Irish hopeful Kavanagh sounds positive note


NIAMH KAVANAGH is in fighting form in advance of tonight’s Eurovision Song Contest final in Oslo.

“I still believe a great song sung well can win this competition,” she said last night. “I feel that the strength we have is the honesty of our song and the fact that people can relate to it on every level. The staging and lighting is beautiful but simple, so the song really shines”.

Kavanagh is the first Irish competitor since 2006 to qualify for a Eurovision final, but her voice showed signs of strain during Thursday night’s qualifier. She was only able to reach the last note of her song, It’s for You, for a moment, whereas in rehearsals, she held the note heroically. The strength of her performance and stage presence nonetheless convinced the public and jury voters to pass her through to tonight’s competition.

The support of the home team was crucial to her success, says Kavanagh. “I came out on stage and saw the Irish fans in their feather boas and I really felt the support from home too.

“I’m really looking forward to getting back on that stage on Saturday and I just hope I can make Ireland proud. We’re in a good position singing in 10th place, but I really feel that your position in the running order doesn’t matter – it’s about your three minutes on stage.”

Julian Vignoles, head of RTÉ’s Eurovision delegation, played down concerns about Kavanagh’s ability to deliver the song, saying she was resting up in order to be fully prepared.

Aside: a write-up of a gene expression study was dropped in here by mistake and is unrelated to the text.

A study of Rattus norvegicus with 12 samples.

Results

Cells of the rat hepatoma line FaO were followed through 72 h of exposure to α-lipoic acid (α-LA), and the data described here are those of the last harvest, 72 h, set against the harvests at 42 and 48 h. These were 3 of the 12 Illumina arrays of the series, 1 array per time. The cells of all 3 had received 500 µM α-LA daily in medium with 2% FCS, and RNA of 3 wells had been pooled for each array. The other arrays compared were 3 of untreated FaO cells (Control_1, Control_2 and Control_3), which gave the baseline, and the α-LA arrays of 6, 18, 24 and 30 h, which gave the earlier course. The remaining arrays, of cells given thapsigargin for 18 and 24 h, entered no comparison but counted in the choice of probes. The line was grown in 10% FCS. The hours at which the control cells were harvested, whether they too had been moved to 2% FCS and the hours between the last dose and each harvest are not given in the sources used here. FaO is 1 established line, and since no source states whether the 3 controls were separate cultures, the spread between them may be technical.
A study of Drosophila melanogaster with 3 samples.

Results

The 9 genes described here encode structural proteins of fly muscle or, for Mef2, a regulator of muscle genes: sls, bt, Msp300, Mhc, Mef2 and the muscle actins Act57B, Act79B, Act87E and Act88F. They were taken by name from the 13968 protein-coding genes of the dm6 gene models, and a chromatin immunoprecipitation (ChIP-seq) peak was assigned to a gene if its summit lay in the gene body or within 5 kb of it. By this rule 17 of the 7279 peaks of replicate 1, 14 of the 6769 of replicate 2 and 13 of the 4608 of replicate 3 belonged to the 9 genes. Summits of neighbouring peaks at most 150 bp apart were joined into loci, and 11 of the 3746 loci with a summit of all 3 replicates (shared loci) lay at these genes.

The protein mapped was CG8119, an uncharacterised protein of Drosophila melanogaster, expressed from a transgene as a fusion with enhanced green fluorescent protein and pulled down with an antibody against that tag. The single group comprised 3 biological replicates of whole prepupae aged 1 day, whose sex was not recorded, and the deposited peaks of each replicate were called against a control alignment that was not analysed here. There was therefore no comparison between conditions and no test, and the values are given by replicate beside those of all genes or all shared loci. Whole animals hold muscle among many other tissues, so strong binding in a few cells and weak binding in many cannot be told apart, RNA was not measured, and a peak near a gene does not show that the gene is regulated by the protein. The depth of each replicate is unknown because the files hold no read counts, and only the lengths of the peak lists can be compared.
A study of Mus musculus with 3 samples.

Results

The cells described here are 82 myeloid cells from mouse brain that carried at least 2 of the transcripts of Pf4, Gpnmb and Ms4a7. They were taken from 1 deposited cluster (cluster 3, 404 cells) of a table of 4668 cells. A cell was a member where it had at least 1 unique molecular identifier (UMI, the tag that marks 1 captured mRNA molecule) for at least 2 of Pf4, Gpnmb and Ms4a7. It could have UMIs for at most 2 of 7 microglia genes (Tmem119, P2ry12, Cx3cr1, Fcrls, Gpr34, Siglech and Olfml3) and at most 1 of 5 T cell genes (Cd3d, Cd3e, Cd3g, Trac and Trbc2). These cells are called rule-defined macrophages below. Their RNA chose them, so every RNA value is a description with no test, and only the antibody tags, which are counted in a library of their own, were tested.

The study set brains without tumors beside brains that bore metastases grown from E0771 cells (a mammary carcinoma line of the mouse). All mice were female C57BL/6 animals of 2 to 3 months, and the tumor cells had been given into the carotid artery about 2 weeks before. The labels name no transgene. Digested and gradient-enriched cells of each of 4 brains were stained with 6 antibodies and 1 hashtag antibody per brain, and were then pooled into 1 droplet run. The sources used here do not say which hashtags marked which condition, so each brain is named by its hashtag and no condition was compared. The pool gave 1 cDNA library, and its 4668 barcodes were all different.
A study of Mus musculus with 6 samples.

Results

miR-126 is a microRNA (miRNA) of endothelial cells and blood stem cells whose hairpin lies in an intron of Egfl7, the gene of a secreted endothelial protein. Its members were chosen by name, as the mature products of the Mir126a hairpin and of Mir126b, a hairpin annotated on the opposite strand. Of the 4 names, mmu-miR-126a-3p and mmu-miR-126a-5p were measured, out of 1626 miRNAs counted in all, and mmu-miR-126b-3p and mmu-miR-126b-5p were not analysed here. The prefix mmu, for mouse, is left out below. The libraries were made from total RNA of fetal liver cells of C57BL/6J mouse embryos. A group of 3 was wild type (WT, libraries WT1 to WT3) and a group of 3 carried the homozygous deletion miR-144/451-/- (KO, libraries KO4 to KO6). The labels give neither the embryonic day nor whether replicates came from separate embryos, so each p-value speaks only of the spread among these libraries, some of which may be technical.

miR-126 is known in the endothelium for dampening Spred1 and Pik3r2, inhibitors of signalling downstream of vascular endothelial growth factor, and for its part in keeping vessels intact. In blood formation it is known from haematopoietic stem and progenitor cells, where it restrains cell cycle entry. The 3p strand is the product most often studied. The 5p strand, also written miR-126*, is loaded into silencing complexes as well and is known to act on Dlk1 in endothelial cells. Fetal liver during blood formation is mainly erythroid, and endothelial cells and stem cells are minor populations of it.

There were two fully staged dress rehearsals for the final yesterday, the second of which was voted on by the expert juries whose response counts for 50 per cent of the total result.

Kavanagh is competing in one of the most wide-open fields in recent Eurovision memory. Several factors are at play in creating this situation: a raft of strong songs and major changes to the voting system, with public voting lines opening from the first song rather than for a short block of time after the performances.

The song at the top of most bookmakers’ lists, Drip Dropfrom Azerbaijan, will be performed first tonight, which is historically a disadvantage. Azerbaijan will hope the early opening of voting lines will even out this situation.

The UK’s Josh Dubovie (19) is currently tipped by pollsters to finish second last tonight.

When asked in a press conference what it was like to be performing what some pundits have called the worst Eurovision song ever (That Sounds Good to Me, written by Pete Waterman and Mike Stock), Dubovie said that “everybody’s entitled to their opinion, but we’re going to have to go out there and prove them wrong” – winning him a round of applause.